July 24, 2019

School choices are basic and limited

The quality of education you receive should not be determined by where you live.

I am from a small town in central Maine. I am an honors student, who is looking forward to high school, college and a successful, challenging career. Recently my eighth grade classmates and I had the opportunity to look at what our high school offers for courses.

Comparing these courses to what is offered around the state, I am surprised and disappointed to learn that our choices are basic and limited. We are offered only the bare essentials needed to graduate from high school, and perhaps inadequate offerings in our preparation for college.

For example, students at Yarmouth High School have foreign language choices such as Latin, French, Spanish and Russian, while I have French or Spanish as choices. My elective courses of business math, speech and drama, and current events pale in comparison to psychology, film study, design techology and business law offered at Wells High School. Independent Living, College Notetaking/Speed Writing and Home Economics would better prepare me for college life.

Advanced and specialty courses such as Advanced Studio Art, Photography II, Mytholoy and Foklore and Technology III give students variety and make classes and school fun. Unfortunately, these classes are not offered at Penquis Valley, but are offered elsewhere.

Academics are not the only differences that separate our schools around the state. I believe co-curricular activities are also important for a well-rounded high school experience. Activities such as tennis, swimming, gymnastics, volleyball, football, ice hockey, field hockey, track, dance, debate and peforming arts are activities that I cannot participate in again, due to the school I attend.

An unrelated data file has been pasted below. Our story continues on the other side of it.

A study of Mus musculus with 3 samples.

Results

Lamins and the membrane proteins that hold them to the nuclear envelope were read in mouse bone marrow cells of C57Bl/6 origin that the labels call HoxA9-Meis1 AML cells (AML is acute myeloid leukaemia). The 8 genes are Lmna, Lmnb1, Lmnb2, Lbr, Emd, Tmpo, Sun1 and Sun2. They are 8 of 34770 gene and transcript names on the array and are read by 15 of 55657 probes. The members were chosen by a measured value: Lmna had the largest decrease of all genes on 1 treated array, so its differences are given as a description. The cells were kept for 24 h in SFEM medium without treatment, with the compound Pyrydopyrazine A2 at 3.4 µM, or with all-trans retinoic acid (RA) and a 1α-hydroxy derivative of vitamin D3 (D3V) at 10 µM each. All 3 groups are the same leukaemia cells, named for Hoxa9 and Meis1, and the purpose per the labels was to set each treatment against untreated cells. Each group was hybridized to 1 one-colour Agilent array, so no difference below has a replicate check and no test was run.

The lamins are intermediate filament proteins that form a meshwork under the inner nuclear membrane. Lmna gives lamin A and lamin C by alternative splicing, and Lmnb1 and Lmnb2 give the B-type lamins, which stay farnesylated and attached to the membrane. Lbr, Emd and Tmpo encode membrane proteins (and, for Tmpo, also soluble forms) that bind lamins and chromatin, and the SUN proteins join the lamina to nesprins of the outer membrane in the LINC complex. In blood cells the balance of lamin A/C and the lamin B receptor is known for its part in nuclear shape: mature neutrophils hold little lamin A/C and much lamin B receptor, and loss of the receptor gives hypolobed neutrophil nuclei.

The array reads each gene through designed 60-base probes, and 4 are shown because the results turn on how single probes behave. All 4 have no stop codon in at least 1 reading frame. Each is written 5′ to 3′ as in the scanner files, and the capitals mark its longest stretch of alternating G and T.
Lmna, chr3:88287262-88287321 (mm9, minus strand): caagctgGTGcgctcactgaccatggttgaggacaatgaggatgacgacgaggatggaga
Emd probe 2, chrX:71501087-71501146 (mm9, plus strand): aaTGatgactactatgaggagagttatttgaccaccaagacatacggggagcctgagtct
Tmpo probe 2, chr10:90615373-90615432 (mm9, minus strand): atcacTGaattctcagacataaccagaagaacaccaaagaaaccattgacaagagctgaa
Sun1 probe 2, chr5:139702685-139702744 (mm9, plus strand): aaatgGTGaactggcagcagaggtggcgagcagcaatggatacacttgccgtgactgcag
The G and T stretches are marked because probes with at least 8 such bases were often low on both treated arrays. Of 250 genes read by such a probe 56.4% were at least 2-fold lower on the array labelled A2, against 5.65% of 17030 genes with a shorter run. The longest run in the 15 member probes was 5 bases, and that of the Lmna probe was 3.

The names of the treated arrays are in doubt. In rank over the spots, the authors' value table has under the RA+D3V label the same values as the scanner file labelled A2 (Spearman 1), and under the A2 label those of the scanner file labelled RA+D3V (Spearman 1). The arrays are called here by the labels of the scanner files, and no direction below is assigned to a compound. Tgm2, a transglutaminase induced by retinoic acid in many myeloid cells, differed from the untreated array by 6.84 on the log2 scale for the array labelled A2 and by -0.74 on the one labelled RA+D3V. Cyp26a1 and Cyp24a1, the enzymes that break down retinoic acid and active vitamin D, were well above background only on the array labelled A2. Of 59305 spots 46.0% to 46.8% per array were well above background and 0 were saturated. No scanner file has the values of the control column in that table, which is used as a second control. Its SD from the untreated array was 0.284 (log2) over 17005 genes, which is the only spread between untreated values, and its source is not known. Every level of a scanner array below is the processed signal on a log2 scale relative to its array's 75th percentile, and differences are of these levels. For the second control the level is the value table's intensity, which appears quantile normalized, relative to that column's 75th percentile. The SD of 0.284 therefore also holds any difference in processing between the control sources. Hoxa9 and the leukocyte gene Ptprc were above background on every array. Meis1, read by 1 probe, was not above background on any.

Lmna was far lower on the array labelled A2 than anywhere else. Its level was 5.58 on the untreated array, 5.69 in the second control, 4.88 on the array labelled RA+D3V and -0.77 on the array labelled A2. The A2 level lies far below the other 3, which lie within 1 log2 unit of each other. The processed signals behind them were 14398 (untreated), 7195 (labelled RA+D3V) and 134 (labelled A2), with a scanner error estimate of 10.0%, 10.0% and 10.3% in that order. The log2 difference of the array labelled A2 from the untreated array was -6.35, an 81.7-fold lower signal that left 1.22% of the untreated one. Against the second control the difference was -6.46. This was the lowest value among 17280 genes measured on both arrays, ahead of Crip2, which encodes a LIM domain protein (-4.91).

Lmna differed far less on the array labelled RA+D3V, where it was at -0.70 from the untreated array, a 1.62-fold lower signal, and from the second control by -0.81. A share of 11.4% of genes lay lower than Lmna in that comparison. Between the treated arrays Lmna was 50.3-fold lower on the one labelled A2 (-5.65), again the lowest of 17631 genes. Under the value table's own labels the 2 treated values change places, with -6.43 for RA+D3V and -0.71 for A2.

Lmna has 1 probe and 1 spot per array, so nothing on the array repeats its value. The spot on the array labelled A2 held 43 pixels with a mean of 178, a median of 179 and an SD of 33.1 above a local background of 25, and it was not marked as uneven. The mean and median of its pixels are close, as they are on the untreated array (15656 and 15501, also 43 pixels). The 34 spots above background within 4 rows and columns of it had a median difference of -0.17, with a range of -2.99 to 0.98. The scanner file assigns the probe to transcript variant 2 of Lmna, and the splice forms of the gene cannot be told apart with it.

Students from smaller towns that are unable to support expanded school programs through increased property taxes are being discriminated against. Members of the Maine Legislature in Augusta are setting us up for failure when we apply to college by having to compete with students from southern Maine, the United States and the world, who have had all of these challenging, extra classes. If we don’t have a chance to take them, how can we prove to college admissions boards that we can compete in classes of that caliber? We are losing opportunities for scholarships, and chances to go to better schools.

Maine needs to get its priorities straight. I don’t believe that the southern schools should have anything taken away, but I do believe that students from the rest of the state should have the same opportunities.

We are the future. We need equal education to prepare us for college, and more importantly, for tomorrow, because we are the future of the state of Maine. Amanda Walker is a student at Penquis Valley Middle School in Milo.